Hong Kong may not be safe haven for whistleblower
US members of Congress call for extradition
Supporters gather at a small rally in support of National Security Administration whistleblower Edward Snowden in Manhattan’s Union Square yesterday. Photograph: Mario Tama/Getty Images
Whistleblower Edward Snowden chose a Hong Kong hotel room as a hiding place because he believes he is unlikely to be extradited from there to the US, but the former colony may not be much of a safe haven for the 29-year-old technician.
Mr Snowden has been in Hong Kong since May 20th, and said he chose the territory because of its “spirited commitment to free speech and the right of political dissent”. He believed the territory is one of the few places in the world that could and would resist the dictates of the US government.
Since it was returned by the UK to China in 1997, Hong Kong has a separate legal system and greater freedoms than Chinese enjoy on the mainland, but its destiny is completely linked to China. It has a limited electoral system which favours Beijing’s candidates.
While there is a great tradition of exercising the right of protest in Hong Kong, as the recent rally on the anniversary of the June 4th, 1989 Tiananmen Square crackdown in China on democracy activists showed, this has its limitations.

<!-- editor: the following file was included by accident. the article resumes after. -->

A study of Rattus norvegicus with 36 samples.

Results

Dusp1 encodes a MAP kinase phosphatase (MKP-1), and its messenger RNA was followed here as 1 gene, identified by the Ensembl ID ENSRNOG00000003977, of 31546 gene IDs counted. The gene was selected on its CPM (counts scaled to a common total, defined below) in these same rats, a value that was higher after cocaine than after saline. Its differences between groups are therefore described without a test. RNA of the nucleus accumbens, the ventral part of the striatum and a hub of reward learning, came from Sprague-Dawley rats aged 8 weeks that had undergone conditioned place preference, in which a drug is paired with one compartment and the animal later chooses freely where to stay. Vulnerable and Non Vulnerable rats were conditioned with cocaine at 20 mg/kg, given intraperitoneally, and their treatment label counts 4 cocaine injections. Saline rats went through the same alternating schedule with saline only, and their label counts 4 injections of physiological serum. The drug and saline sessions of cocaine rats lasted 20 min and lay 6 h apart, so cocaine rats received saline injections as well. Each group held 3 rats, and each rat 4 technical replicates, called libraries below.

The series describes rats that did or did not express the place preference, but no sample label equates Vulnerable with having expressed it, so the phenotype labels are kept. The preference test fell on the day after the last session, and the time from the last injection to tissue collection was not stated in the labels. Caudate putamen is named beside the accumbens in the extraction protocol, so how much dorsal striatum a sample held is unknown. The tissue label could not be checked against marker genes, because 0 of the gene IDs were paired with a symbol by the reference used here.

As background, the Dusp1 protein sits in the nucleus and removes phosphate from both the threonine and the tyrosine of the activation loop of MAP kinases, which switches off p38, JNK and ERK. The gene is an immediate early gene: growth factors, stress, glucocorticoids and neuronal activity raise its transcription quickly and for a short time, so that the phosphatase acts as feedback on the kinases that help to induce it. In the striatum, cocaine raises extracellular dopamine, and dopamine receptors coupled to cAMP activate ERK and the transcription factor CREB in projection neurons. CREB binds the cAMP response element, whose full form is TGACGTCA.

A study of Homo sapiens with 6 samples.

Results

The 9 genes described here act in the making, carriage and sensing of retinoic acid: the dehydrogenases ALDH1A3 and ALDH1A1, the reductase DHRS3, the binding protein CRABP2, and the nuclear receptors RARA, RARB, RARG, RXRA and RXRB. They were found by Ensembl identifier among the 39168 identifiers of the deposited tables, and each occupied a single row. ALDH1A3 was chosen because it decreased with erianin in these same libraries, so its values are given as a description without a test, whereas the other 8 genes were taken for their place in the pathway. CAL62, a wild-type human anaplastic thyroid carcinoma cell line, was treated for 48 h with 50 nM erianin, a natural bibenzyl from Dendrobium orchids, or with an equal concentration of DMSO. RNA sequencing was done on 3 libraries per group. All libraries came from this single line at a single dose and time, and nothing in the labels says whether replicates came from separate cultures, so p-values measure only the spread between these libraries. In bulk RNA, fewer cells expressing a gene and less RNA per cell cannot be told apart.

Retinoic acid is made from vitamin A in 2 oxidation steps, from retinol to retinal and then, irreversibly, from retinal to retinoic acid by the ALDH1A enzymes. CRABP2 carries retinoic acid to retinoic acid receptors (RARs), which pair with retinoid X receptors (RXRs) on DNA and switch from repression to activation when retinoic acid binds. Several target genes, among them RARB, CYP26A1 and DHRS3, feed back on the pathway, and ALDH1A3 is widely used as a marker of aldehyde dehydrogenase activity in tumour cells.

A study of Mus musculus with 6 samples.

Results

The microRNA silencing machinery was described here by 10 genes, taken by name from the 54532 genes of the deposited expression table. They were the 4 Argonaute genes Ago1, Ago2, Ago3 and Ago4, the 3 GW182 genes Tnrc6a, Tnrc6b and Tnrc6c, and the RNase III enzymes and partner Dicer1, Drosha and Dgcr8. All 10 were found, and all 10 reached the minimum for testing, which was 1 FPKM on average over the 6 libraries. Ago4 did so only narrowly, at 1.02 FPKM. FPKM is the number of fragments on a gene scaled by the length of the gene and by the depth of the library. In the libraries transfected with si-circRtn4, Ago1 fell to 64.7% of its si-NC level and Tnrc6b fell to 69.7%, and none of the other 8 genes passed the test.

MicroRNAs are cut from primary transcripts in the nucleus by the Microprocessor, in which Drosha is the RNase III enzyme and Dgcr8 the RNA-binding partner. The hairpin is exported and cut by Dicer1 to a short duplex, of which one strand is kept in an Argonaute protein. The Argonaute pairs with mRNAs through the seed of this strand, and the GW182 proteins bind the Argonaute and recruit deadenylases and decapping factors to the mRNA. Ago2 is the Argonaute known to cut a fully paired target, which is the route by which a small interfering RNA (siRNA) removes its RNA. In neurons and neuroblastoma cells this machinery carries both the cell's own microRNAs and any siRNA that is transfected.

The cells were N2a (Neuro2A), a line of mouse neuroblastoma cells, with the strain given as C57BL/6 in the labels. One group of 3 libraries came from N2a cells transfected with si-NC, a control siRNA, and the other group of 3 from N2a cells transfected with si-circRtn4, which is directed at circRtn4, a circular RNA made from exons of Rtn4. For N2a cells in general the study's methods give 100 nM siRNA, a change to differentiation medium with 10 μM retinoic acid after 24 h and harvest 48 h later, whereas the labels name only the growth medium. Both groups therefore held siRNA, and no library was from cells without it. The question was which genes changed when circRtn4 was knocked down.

Two years ago Wang Dan and Wu’er Kaixi, two leading figures in the student-led protests in 1989, were refused entry to Hong Kong to attend the funeral of Szeto Wah, a founder of Hong Kong’s democracy movement.
What sets Hong Kong apart from China is its functioning rule of law, and this could make it more, not less, likely that Mr Snowden will be extradited if the US requests such a move on criminal grounds.
China does not have an extradition agreement with the US, but given that President Xi Jinping has just completed a successful summit with his US counterpart, he is unlikely to risk ties over this issue.
There is a US-Hong Hong extradition treaty, signed in 1997 shortly before the handover, which contains an exception clause, meaning Hong Kong would not have to hand over someone for extradition whose motives were believed to be political.
There is some speculation that Mr Snowden is planning to defect to mainland China, and his possession of vital security information would make him very appealing to the Beijing authorities.
The most likely scenario is that Beijing will not want to get involved as the political headache is potentially too great, both in terms of relations with Washington and with Hong Kong.
What is more likely is that Hong Kong will follow the course allowed in its extradition legislation. It will do this because to maintain its position as a regional financial hub it needs to show that the rule of law prevails in the territory.